Last week, West Virginia Supreme Court justice Larry Starcher railed against West Virginia’s tort reform. In recent years, West Virginia has passed medical malpractice tort reform measures that require plaintiffs to provide pre-suit expert reports saying that the claim has merit. The reforms also have caps on damages.
Because plaintiffs want to avoid these requirements, there is often a fight about whether the claims are medical malpractice claims subject to the tort reform laws. In the recent West Virginia case, the plaintiffs were suing the manufacturer of contaminated sutures and the medical providers that administered them. The court ended up holding that the claims were health care liability claims subject to the act.
In a dissent, Justice Starcher wrote:
I dissent to express my hope that, in the future, the court or the Legislature will recognize the absurd and unconstitutional effects of the (reform) and either strike down or repeal (the reform in its entirety.
Application of the (reform) to the instant case clearly demonstrates the absurdity of the (act), and demonstrates why the Legislature should exercise restraint when it attempts to meddle with centuries-old common law principles.
Sadly, Texas courts have had no trouble finding that the Texas medical malpractice act applies in what would seem absurd situations. The snowball started in 2005 with the Texas Supreme Court’s decision in Diversicare v Rubio, where the court held that the Texas medical malpractice laws applied when a nursing home resident sued a nursing home after the resident was sexually assaulted by another patient (who had a history of sexual assault).
In 2007 alone, Texas appellate courts have used the Rubio case to find that the Texas medical malpractice reforms covered claims by a patient who was sexually assaulted during an exam (Vanderwerff v. Beathard – Dallas court of appeals), by a patient who was injured when the bed she was sleeping in collapsed (Christus Health v. Beal – Houston), by a patient who fell while getting out of bed because the foot of the bed he was using to help himself get up fell apart (Marks v. St. Lukes Episcopal Hospital – Houston), and by a patient suing a doctor for disclosure of confidential information (Sloan v. Farmer – Dallas).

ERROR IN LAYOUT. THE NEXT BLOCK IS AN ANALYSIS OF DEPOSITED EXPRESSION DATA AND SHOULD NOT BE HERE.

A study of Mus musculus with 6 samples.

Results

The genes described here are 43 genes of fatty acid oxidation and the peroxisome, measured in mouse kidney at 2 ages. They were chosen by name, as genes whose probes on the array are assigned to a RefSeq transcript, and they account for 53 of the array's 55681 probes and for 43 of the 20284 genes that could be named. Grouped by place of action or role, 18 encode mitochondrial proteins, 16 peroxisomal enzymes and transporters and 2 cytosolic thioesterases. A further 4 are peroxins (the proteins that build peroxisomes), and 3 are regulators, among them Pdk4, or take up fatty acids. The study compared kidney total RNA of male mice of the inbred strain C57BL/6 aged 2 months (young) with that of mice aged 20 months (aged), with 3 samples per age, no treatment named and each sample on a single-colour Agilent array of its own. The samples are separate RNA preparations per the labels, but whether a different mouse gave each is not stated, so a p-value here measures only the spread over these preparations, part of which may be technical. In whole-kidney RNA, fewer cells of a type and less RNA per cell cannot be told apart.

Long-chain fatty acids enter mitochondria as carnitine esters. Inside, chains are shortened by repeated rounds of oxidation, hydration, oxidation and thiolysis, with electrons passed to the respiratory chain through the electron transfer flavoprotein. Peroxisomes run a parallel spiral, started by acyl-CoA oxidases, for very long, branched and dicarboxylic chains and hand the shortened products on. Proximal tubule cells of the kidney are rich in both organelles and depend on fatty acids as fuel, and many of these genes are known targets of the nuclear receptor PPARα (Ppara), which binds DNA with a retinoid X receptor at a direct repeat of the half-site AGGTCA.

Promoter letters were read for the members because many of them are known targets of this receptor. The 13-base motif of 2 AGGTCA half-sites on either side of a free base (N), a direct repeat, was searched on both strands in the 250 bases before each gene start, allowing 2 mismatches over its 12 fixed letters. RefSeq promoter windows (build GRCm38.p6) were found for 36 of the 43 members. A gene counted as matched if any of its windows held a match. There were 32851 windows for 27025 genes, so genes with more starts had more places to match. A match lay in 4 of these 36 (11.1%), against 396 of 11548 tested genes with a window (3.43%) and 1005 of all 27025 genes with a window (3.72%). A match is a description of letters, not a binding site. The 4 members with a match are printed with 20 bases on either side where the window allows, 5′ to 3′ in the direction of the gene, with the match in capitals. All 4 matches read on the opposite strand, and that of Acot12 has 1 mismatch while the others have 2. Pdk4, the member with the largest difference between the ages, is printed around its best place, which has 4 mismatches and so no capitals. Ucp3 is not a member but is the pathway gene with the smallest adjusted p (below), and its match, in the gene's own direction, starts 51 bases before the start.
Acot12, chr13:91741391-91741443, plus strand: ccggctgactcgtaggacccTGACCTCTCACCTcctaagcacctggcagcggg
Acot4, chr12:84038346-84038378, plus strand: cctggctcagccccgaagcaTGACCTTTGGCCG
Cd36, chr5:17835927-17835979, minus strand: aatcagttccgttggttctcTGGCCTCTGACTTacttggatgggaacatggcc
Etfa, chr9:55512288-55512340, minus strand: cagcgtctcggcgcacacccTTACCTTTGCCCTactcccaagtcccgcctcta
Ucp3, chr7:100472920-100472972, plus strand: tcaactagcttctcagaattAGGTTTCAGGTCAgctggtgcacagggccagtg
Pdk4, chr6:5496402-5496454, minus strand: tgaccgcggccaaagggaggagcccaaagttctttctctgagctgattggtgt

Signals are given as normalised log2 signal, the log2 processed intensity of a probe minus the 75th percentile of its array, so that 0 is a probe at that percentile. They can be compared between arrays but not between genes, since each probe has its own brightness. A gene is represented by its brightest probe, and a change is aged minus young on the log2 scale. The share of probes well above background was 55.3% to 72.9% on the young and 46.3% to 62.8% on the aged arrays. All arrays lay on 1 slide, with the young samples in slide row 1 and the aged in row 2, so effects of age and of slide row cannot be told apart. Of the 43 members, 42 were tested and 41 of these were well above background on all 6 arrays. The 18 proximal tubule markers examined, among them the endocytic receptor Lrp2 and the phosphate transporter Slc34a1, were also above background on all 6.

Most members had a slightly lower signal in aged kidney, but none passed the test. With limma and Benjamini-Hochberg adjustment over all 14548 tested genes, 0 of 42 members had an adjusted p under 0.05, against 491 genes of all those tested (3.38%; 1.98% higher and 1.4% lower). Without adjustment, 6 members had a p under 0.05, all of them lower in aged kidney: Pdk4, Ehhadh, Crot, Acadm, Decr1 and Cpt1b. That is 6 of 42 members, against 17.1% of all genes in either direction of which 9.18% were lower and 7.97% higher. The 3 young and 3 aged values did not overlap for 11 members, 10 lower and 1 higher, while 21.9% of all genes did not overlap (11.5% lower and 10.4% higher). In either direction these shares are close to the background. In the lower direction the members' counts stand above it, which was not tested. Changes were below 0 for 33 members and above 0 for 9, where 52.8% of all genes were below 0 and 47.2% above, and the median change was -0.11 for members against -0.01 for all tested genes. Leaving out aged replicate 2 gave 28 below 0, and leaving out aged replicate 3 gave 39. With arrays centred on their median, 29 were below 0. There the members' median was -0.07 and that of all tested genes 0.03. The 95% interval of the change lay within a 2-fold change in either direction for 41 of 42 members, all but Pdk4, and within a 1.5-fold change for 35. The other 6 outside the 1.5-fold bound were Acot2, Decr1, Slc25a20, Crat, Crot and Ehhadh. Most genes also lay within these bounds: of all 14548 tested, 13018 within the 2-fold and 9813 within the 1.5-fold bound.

Each of these cases results in a strange anomaly. If a third party visitor to a hospital or doctor’s office is sexually assaulted by another patient or a staff member, that visitor has an assault claim. But a patient is limited to a medical malpractice claim. Similarly, if a visitor goes to see someone in the hospital and is sitting on a bed and it collapses, that visitor has a products liability or premises defect claim. But, again, a patient is limited to a medical malpractice claim. In each case, the stranger receives more protection from the law than the actual patient.